The government of Japan has announced that it intends to increase oversight of illegal transactions that are carried out using digital currencies like bitcoin.
The news comes amid increasing fears in the country that criminal organizations are using bitcoin for money laundering and drug dealing, according to a new report from Kyodo News International.
Japan's Ministry of Economy, Trade and Industry is now expected to set in motion a plan for how it will monitor illicit trade involving digital currency, working with other government agencies such as the Financial Services Agency and National Police Agency in the process.
Notably, domestic law enforcement officials completed their first bitcoin-related drug arrest last week when a 38-year-old citizen was arrested for allegedly importing illegal stimulants.
Kyodo News reports that Prime Minister Shinzo Abe's administration also plans to issue a formal classification for digital currencies.
Under the proposal, bitcoin and other similar technologies would be labeled as a new type of "value-added electronic record" - similar to credit card and electronic money records, not as a currency.
Government officials further suggested that they will not be seeking to apply capital gains taxes to bitcoin transactions, as the US has done, though it may apply taxes to purchases.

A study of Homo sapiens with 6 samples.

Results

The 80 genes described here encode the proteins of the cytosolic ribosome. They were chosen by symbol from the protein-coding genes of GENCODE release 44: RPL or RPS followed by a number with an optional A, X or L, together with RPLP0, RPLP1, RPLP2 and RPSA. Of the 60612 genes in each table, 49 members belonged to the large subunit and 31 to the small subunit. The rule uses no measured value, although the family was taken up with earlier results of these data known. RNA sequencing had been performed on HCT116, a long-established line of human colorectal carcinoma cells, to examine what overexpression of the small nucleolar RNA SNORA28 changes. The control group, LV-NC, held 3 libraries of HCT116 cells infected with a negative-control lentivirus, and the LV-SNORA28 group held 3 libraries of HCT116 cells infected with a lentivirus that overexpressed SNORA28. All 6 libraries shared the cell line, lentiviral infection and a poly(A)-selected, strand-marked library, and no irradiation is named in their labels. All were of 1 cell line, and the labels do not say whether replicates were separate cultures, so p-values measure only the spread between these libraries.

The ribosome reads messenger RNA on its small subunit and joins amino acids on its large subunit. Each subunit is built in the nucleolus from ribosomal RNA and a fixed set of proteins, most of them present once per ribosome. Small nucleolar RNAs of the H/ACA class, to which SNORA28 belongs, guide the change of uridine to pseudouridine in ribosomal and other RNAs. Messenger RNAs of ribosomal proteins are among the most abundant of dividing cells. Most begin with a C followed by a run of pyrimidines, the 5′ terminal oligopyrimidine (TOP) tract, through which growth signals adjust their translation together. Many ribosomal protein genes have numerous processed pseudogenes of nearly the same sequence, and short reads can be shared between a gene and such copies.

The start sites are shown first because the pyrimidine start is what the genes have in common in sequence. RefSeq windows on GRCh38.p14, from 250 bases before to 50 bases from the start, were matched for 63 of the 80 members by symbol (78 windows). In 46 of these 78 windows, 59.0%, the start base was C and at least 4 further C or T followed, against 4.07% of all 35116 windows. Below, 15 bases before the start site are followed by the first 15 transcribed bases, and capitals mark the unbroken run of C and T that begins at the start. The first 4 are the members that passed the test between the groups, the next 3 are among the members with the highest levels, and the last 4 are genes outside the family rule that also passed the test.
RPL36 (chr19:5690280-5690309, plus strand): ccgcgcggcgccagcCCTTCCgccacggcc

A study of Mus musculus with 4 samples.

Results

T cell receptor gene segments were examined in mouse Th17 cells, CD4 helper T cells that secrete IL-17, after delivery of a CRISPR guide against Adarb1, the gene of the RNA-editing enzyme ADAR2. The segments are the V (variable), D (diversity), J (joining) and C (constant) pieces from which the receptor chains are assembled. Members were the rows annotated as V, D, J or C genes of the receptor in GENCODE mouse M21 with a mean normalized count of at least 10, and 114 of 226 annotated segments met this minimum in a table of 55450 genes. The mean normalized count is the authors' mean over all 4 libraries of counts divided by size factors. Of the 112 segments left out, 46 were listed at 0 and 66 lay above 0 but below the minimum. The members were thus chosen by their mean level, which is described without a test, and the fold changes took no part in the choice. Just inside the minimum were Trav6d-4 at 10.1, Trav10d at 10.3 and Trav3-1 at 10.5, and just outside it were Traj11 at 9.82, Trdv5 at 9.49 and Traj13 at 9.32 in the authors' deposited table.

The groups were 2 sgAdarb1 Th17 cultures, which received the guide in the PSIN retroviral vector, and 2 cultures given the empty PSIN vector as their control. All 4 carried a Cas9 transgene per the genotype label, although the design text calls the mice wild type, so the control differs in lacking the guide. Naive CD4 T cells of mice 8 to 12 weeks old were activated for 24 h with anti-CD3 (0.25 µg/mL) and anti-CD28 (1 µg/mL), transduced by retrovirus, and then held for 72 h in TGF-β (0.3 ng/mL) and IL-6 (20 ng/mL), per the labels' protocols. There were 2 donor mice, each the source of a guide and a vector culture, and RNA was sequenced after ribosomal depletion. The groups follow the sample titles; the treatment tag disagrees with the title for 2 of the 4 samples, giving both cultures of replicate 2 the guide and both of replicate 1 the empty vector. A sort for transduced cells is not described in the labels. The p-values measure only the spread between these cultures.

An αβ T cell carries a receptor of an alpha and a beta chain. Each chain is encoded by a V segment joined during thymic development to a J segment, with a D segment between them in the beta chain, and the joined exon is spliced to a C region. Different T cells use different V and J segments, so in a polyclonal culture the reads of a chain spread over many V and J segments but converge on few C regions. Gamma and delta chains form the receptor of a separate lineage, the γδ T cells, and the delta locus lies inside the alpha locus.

In addition to its increased oversight of potential criminals, Japanese officials indicated that they will put off plans to regulate or otherwise introduce new rules on the domestic trading of digital currencies.
Kyodo News states that while Japan has no laws governing digital currencies, many legislators believe such market controls are needed. However, the suggestion of regulation may not be hostile, as the report says Japan is considering courting digital currency investment in a bid to bolster its overall economy.
The news notably follows speculation that Japan would seek to introduce new market controls following the demise of major bitcoin exchange Mt. Gox, the Japan-based business that filed for bankruptcy in February.
At the time, Japanese officials suggested they would look to pursue bitcoin regulation as part of an international effort.